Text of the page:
With newly released statistics showing a rise in the number of suicides in the Canadian Forces, the federal government has come under pressure over reports that the Department of National Defence is cutting the positions of some mental health professionals.
According to the union representing some of the affected professionals, the positions being targeted include experts performing research and providing policy advice in the mental health field to the government.
“We’re concerned that we have experts who are recognized around the world in this area, and we’re concerned any time that the government cuts this expertise,” says Gary Corbett, president and CEO of the Professional Institute of the Public Service of Canada (PIPSC).
“We ask why, especially for a topic like this, a subject like this where it has a direct impact on our military people who are serving. … If you don’t do this work, it’s going to end up costing the taxpayers a lot more down the road.”
PIPSC says what prompted their concern was some employees receiving letters indicating their positions are being “affected,” and, after they sought further information, getting the impression that their jobs are being cut.
The Department of National Defence (DND) has so far neither confirmed nor denied whether the positions are to be cut.
Responding to criticism over the reported cuts in the House of Commons last week, Defence Minister Peter MacKay said the government is “committed to ensure that we provide the best possible support for members with mental or physical illness or injuries.”
“[W]hen compared to NATO allies, the Canadian Forces has the greatest ratio of mental health care workers to personnel,” MacKay said.
He added that a satellite detachment in Ottawa along with all its mental health provider positions is being moved to the Petawawa base so that it is closer to the soldiers and their families.
There are currently 378 full-time mental health professionals working with the Canadian Forces, MacKay added, and said the government is looking into hiring more people.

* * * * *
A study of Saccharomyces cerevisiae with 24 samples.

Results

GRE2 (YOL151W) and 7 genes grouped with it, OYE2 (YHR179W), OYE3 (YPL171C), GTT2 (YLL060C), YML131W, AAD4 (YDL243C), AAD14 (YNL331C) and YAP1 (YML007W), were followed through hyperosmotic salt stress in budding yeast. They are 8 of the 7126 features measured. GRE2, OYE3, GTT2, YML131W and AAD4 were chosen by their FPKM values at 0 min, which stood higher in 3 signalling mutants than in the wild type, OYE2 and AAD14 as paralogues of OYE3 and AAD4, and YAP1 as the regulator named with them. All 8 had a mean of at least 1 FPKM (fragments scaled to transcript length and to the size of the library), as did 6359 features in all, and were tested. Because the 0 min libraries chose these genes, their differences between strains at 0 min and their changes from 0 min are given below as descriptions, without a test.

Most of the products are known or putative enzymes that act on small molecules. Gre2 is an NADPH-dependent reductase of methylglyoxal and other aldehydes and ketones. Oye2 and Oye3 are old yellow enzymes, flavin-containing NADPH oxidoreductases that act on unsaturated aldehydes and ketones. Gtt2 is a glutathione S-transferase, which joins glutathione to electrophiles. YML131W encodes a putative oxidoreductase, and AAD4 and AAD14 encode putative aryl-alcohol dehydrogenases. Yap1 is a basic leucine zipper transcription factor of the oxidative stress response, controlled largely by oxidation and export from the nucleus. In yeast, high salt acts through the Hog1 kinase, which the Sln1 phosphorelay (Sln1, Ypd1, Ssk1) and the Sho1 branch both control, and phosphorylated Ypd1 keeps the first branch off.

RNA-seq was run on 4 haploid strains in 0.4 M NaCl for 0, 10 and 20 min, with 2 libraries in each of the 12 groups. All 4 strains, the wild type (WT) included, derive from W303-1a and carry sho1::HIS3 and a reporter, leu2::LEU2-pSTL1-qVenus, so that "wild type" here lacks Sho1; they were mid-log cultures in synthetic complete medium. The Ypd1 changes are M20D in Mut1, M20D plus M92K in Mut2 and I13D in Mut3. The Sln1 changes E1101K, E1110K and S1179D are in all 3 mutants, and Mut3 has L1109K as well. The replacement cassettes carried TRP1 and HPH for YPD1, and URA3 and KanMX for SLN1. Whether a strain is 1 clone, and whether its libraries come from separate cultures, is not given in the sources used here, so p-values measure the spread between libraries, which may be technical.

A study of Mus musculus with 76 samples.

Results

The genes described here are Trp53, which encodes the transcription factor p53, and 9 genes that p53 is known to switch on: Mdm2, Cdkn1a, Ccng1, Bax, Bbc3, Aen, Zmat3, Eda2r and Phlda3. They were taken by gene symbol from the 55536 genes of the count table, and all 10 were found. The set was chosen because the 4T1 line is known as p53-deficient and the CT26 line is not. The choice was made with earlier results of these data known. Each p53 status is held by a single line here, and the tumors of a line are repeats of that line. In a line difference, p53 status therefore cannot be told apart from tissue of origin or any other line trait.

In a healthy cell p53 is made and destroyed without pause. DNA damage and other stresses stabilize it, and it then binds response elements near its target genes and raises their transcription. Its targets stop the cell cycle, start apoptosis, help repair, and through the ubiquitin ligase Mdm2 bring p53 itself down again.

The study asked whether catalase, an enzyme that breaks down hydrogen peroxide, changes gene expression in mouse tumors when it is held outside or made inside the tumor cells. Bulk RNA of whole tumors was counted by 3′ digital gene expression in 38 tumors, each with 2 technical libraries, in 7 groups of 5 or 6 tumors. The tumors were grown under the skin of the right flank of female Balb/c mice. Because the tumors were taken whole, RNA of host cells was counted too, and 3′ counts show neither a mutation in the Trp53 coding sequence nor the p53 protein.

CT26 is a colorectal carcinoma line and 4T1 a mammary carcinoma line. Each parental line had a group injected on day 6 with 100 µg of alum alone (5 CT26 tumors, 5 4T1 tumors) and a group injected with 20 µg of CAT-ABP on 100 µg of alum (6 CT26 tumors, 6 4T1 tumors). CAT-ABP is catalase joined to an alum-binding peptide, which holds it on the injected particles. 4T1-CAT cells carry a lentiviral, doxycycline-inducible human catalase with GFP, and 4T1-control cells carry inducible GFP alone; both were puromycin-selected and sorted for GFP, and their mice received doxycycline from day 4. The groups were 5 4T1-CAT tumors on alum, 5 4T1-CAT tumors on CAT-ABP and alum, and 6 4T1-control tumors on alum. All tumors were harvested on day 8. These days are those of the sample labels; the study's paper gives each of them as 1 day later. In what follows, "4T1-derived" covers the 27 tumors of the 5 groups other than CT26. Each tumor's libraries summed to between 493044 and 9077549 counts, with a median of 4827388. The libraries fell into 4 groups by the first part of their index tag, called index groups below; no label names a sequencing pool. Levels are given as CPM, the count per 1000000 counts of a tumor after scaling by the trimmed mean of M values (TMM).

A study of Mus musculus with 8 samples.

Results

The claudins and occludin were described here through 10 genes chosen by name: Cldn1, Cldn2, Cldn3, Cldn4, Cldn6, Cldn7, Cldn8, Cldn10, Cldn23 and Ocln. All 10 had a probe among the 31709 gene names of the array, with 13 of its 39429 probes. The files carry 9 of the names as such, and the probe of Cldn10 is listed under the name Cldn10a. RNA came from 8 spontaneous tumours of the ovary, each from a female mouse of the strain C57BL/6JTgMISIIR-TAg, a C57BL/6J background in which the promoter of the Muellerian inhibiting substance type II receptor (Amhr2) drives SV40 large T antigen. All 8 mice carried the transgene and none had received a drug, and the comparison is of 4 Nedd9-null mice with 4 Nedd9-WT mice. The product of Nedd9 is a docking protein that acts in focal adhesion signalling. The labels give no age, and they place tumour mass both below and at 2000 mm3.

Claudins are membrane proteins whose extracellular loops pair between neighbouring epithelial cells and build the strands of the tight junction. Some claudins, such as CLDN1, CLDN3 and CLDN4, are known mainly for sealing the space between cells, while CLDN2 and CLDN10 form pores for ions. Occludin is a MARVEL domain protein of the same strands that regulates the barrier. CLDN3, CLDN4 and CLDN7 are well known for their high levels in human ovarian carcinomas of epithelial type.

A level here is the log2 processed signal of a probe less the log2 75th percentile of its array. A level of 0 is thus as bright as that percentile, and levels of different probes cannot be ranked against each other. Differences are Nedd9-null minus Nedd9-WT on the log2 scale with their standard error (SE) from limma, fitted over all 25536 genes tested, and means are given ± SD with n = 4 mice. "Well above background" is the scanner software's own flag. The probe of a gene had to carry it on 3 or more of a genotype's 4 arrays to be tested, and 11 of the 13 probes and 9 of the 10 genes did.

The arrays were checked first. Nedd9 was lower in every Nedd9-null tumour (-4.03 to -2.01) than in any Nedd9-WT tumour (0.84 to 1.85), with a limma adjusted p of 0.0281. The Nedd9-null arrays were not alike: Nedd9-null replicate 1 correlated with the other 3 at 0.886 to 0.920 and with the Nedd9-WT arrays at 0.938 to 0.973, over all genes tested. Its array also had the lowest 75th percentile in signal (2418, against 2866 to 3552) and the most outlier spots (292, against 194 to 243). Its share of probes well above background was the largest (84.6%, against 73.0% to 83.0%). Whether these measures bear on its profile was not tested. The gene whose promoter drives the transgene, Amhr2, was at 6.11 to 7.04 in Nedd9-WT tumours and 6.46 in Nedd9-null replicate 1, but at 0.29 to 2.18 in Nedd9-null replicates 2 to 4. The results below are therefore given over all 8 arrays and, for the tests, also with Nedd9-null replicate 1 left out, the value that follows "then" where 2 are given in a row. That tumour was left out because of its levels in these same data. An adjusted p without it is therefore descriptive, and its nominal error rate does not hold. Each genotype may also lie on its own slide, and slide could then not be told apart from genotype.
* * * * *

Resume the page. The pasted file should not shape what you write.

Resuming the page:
Corbett says it’s not clear where the government will be doing more hiring, but he says it’s important to retain the research specialists as they do important work in identifying what the problems are and providing expert advice.
According to PIPSC, the affected positions include the four-member Deployment Health Section that focuses on the monitoring of post-traumatic stress disorder (PTSD) and concussions, and another 8 out of 18 positions of researchers and epidemiologists who analyze mental health outcomes such as depression and suicide.
An injury surveillance and prevention trial at CFB Valcartier will also be closed as a result of the budget cuts, PIPSC says.
DND did not have anyone available for an interview by press time.
Increase in Suicides
Last week, the Ottawa Citizen reported on a leaked internal report that painted a bleak picture of war veterans being neglected by the mental health treatment system.
Statistics released by DND in late April shows that 19 members of the Canadian Forces committed suicide in 2011, a sharp increase compared to 12 in 2010 and 11 in 2009.
According to a statement on DND’s website, while the number in 2011 is higher than previous years, “it is important to note that suicide numbers vary from year to year and as is the case for any statistics, a variation can either be due to random patterns or indicate the beginning of an upward trend.”
DND says each suicide death is investigated and the motivating factors leading to the event are examined, among other things.
The issue of suicide and PTSD is being discussed this week during a military police complaints hearing into complaints by the parents of Cpl. Stuart Langridge, who hanged himself in 2008.